Saturday, January 10, 2009

A bit dry, but project proceeds

The physical setup
Fred Olson came over to Roosevelt after school on a Friday and we worked for a few hours. He worked on making a few additional Pentium 3's thin-client ready--removing the hard drive, disconnecting the CD and Floppy drives. No more disconnecting the main fan--it looks like I might have been wrong thinking that the thin clients operate well w/out them. Time will tell.

Additionally, there were several thin clients which wouldn't boot, and after a while we figured out that the problem was that they were set to use 220 volt systems and not 110 Volt! Upon flicking the small red switch they worked great.

Fred also made an improvement in how we affix the TC boxes under the tables. W/out immobilizing them they migrate quickly and wires get all over the place and there becomes no good place for the mouse/keyboards. Anyway, he screwed down the back lip of the box and put down a few strategically placed screws and, simple, quick, affixed!

The Plone Front
Jack Ungerleider Has put in two appearances over winter break in efforts to load plone onto the virtual machines (VMs) on our server at the district office. Of course this is all done remotely and there isn't a GUI to fall back on (I'm the one who wants it, not the pro's). Also, district IT people only allow VPN connections (then ssh or vnc), so Jack can only work on this at Roosevelt, my house where I have VPN or... through me via e-mailed instructions!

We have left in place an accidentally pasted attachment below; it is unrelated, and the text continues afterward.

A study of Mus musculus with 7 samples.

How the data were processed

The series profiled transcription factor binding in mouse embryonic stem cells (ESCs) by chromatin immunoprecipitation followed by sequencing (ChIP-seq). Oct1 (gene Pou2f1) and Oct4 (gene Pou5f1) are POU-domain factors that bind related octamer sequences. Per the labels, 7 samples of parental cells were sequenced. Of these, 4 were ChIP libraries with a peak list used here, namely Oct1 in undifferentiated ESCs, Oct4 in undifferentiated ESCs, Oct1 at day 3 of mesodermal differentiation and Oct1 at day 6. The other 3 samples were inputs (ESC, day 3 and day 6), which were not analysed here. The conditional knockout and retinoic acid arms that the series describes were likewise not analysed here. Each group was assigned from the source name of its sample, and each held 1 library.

He's twice dealt with insufficient size limitations on the VMs on the server and with Brian Dolan-Goecke's help over the phone the 2 of them were able to set up disk quotas on all 5 VMs. Next, Jack tried to run the "buildout" file he had written--it basically contains a couple of hundred lines of instructions telling the computer to down load this and put it here then download that and put it there etc until the plone instance is all set up. Well, he ran that script and it should have been somewhat straightforward but alas... it hicupped. He has been researching stuff on the web, getting me info and I've been VPN/ssh-ing into the server and maybe it's up and running, but because of firewall issues I can't yet access it. I wasn't able to go to the site and of course have not been able to migrate the present site. The current site looks quite boring as anything worth looking at can only be seen if one is logged into the site. In conclusion, a few silent steps were made in this component of the GCoS project.

Lots of details on the server
Joyfully, I've been studying the book that Conner gave me, Linux Pocket Guide (by O'Reilly), much more understandable than I'd thought it would be. I've used knowledge that was pulled together by reading that book to do many little things like successfully install CmapTools and add java plugins on the thin client, to understanding better how to navigate using Terminal and how to use -options on a command, and where to guess that things might be located on the Linux system. Also, I now open and edit files using "vi", an editor, within Terminal. Really, I've done quite a few other things too, like trying to figure out how to edit the edubuntu_menus config files that Conner installed. This last effort is really the last major hurdle in the thin client server setup that is stopping a full scale classroom trial of the CESC. Soon, I hope!

I just found laserjock's blog which lead me to joining Edubuntu User and Developer mailing lists--better late than never as my dad used to say :-). This community I need to join!